The process of revising Algeria’s hydrocarbons law is “very complex, given the large number of those involved,” said state producer Sonatrach’s CEO Abdelmoumen Ould Kaddour June 4.
Four consultancy firms specialised in their particular aspects of petroleum, ranging from legal to marketing, have been hired, the CEO said, according to state news agency APS. “We hope to be able to advance, and as soon as possible so that an attractive new law is drafted,” he said, without giving any indication of how long that process – begun no later than autumn 2017 – might take.
Algeria has struggled to attract new investors. But it has persuaded some existing ones – such as BP/Equinor and Total/Cepsa – to remain and expand production by improving their original contractual terms.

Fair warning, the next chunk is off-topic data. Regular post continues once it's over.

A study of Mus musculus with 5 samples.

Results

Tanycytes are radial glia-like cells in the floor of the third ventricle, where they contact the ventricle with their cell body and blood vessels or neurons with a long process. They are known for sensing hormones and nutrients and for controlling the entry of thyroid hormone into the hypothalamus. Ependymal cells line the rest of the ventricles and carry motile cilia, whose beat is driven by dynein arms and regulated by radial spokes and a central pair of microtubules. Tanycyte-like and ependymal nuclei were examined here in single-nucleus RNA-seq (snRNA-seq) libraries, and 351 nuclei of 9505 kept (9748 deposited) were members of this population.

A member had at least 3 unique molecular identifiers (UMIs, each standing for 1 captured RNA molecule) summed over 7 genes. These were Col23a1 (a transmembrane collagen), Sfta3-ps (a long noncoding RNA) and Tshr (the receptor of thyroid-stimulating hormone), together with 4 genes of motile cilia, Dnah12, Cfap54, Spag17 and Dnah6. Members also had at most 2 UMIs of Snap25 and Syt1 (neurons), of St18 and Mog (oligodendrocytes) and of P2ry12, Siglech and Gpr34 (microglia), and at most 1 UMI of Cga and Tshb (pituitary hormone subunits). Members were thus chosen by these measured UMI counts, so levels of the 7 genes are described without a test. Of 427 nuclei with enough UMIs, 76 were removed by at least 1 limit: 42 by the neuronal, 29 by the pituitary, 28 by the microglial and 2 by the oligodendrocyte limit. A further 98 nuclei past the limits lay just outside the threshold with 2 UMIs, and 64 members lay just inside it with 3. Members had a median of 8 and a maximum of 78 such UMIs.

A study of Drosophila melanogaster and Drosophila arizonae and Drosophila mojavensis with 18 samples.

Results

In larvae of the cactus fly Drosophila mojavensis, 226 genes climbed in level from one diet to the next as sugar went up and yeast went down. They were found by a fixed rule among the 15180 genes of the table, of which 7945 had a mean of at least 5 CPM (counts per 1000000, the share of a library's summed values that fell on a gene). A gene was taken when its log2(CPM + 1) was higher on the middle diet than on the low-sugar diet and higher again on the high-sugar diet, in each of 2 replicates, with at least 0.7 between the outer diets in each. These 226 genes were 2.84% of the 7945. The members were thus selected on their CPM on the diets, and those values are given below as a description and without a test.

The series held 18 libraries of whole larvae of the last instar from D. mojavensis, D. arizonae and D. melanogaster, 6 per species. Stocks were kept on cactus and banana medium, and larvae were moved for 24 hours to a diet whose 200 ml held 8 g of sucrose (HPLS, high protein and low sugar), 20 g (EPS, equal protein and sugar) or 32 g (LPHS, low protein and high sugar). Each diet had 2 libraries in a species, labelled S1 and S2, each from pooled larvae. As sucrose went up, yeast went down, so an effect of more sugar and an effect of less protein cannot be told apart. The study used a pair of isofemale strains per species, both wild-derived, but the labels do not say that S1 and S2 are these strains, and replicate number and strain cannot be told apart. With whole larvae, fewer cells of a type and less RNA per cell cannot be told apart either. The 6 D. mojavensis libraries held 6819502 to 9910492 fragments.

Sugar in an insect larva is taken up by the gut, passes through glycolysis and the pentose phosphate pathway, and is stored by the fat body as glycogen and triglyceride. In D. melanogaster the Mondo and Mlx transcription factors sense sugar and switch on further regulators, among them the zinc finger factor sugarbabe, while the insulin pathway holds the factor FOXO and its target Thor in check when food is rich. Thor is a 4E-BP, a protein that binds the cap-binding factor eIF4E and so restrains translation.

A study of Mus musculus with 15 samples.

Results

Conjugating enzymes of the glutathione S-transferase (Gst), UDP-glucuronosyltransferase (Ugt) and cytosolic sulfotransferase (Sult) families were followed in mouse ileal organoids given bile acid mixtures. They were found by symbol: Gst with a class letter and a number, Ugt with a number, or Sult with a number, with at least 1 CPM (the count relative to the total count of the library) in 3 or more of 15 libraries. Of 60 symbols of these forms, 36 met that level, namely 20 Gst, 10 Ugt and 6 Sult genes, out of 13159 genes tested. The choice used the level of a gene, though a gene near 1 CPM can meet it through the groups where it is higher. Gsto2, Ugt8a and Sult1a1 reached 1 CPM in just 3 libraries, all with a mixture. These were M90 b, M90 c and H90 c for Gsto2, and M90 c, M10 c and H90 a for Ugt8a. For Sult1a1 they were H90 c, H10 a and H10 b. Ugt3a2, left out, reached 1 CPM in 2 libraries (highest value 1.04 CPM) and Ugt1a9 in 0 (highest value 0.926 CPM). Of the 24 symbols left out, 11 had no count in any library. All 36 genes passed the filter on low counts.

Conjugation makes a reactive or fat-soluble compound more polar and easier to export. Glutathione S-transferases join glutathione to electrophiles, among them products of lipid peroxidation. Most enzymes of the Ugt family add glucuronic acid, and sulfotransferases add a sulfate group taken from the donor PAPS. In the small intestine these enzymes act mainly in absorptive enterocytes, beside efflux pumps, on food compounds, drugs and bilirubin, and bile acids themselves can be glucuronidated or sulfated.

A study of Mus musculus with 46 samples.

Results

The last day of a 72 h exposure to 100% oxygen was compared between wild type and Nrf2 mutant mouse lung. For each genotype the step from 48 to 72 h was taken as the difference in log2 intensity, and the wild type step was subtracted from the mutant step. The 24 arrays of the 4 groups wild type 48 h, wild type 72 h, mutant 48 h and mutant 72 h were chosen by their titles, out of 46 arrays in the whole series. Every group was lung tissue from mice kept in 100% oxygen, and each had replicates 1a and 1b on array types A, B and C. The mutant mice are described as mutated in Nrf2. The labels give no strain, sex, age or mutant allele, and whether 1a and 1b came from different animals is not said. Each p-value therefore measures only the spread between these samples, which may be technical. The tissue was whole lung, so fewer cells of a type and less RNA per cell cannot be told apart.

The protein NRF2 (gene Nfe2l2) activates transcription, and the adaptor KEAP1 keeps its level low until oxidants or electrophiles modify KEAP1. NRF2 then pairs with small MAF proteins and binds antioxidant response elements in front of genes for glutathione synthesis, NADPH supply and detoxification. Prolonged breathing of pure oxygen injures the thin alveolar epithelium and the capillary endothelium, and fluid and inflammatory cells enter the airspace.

Ould Kaddour spoke at a press briefing following the June 4 signing in Algiers of a new engineering, procurement and construction agreement between Sonatrach and Indonesian state Pertamina and partner Repsol plus Italian contractor Bonatti to increase gas re-injection capacities at Menzel Ledjmet gas field. Pertamina and Repsol have been present upstream in Algeria for several years.
Some reports have attributed delays in the reform process to the run-up to next year’s presidential elections, in which the veteran incumbent Abdelaziz Bouteflika may be asked to run despite his poor health.
Ould Kaddour also said that, under Sonatrach’s new ‘2030 strategy’, the company is trying to do all it can to optimise shale gas production. Algeria has significant shale gas reserves but has yet to produce any, and faces opposition from some communities who fear it will use up or pollute scarce water resources. The CEO went to Houston in January 2018 to drum up interest in Algeria’s shale opportunities.